Secretary Clinton and Senator Sanders have differences. But according to the editors at The New York Times, one of them is not the way their names are made possessive. The Times forms the possessive the same way for both of them.
But in the end, Mr. Sanders's populist economic message proved no match for Mrs. Clinton's deep ties in the state.
Do you support the candidates' positions? Don't answer that–this blog focuses on business writing! Rather, do you support the inclusion of the s after the apostrophe following both of their names?
If you do, you have The Chicago Manual of Style, Microsoft Manual of Style, and Garner's Modern American Usage on your side. Those guides argue for adding the apostrophe and the s to singular proper names.
If you don't support it, The Associated Press Stylebook (AP) agrees with you. For singular names like Sanders, which ends in s, AP adds only an apostrophe, not an apostrophe and an s–no exceptions. Following the AP rule leads to these examples:
Pundits point to Sanders' lack of pledged delegates.
Serena Williams' sister Venus also played on Sunday.
Venus' opponent was Elena Vesnina.
If you are holding back, thinking Well, it depends, you are with The Gregg Reference Manual. Gregg recommends pronunciation as a factor in deciding whether to include the s after the apostrophe for singular nouns, explaining:
If a new syllable is formed in the pronunciation of the possessive, add an apostrophe plus s.
If the addition of an extra syllable would make a word ending in an s hard to pronounce, add the apostrophe only.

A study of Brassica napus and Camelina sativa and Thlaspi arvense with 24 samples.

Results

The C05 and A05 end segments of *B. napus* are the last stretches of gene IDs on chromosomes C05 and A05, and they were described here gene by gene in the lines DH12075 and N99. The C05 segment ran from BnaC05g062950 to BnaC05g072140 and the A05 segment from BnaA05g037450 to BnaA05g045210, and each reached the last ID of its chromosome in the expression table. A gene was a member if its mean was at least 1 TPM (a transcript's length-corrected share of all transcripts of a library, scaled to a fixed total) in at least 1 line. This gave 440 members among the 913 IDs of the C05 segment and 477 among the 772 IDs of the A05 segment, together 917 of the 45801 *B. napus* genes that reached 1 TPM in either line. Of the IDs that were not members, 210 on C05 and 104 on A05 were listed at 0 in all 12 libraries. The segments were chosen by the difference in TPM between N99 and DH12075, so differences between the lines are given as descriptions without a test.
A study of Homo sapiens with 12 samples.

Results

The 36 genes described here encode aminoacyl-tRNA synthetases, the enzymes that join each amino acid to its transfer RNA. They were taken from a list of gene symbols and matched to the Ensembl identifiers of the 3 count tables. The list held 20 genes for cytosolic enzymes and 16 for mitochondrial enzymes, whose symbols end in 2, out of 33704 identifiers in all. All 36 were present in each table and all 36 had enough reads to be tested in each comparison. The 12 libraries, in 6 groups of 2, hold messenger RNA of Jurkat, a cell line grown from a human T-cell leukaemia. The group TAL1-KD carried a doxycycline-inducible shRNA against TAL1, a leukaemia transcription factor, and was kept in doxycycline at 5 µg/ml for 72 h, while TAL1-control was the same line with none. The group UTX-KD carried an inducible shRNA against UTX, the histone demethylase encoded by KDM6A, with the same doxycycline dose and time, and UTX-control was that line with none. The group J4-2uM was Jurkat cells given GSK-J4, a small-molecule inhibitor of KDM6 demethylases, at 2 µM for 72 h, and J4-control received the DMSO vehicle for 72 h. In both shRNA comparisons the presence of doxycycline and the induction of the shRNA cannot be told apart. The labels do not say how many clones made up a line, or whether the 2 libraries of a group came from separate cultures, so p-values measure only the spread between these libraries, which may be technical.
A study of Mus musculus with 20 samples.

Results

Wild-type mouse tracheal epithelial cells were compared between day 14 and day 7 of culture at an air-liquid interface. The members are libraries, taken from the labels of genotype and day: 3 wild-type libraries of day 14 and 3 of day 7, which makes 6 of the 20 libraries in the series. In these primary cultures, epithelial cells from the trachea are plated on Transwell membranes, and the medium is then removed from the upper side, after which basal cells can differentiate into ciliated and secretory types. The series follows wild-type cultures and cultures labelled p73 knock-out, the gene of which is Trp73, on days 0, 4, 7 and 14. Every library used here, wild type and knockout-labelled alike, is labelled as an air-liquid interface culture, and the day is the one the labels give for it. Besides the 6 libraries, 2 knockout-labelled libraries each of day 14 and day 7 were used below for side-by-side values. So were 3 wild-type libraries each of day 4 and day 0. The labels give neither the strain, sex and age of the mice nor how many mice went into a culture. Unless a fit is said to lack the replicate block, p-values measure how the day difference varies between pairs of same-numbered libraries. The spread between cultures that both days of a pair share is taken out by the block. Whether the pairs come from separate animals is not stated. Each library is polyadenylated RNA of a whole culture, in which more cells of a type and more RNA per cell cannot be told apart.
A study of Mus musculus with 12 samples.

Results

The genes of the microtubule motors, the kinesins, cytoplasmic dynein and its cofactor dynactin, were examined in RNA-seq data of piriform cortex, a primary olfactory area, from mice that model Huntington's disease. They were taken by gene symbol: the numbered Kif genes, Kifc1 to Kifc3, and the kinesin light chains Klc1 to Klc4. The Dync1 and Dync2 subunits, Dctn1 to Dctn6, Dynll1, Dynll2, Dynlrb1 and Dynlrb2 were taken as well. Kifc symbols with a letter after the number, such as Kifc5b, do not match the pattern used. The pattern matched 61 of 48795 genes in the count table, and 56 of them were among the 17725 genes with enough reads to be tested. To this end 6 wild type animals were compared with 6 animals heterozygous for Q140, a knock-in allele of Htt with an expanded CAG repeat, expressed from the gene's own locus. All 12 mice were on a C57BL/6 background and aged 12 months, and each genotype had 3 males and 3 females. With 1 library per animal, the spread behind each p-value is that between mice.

These examples follow Gregg's rules:
Venus's opponent (the s syllable is easily pronounced)
Serena Williams' sister (an additional syllable would be hard to pronounce)
Daniel Day-Lewis's talent (the s syllable is easily pronounced)
Brian Williams' career (an additional syllable would be hard to pronounce)
The challenge in applying Gregg's approach at work is that we may not agree on which phrases are difficult to pronounce. You might think it's easy to pronounce "Senator Sanders's donors," while I might find "Senator Sanders' donors" more reasonable.
To master apostrophes and other
challenging marks, take my
Punctuation for Professionals
If you appreciate consistency, opt for The New York Times approach, supported by The Chicago Manual of Style, Microsoft Manual of Style, and Garner's Modern American Usage.
Or choose AP's way of doing things. Personally, I don't like phrases like "Chris' opinion," so I don't apply the AP rule.
Or bend to the requirements of punctuation. I like this flexible approach.
Let's agree to disagree if we need to, just as we do at our polling places.
This blog post will take you to a few others on possessive forms: "Years' or Year's or Years." Have fun!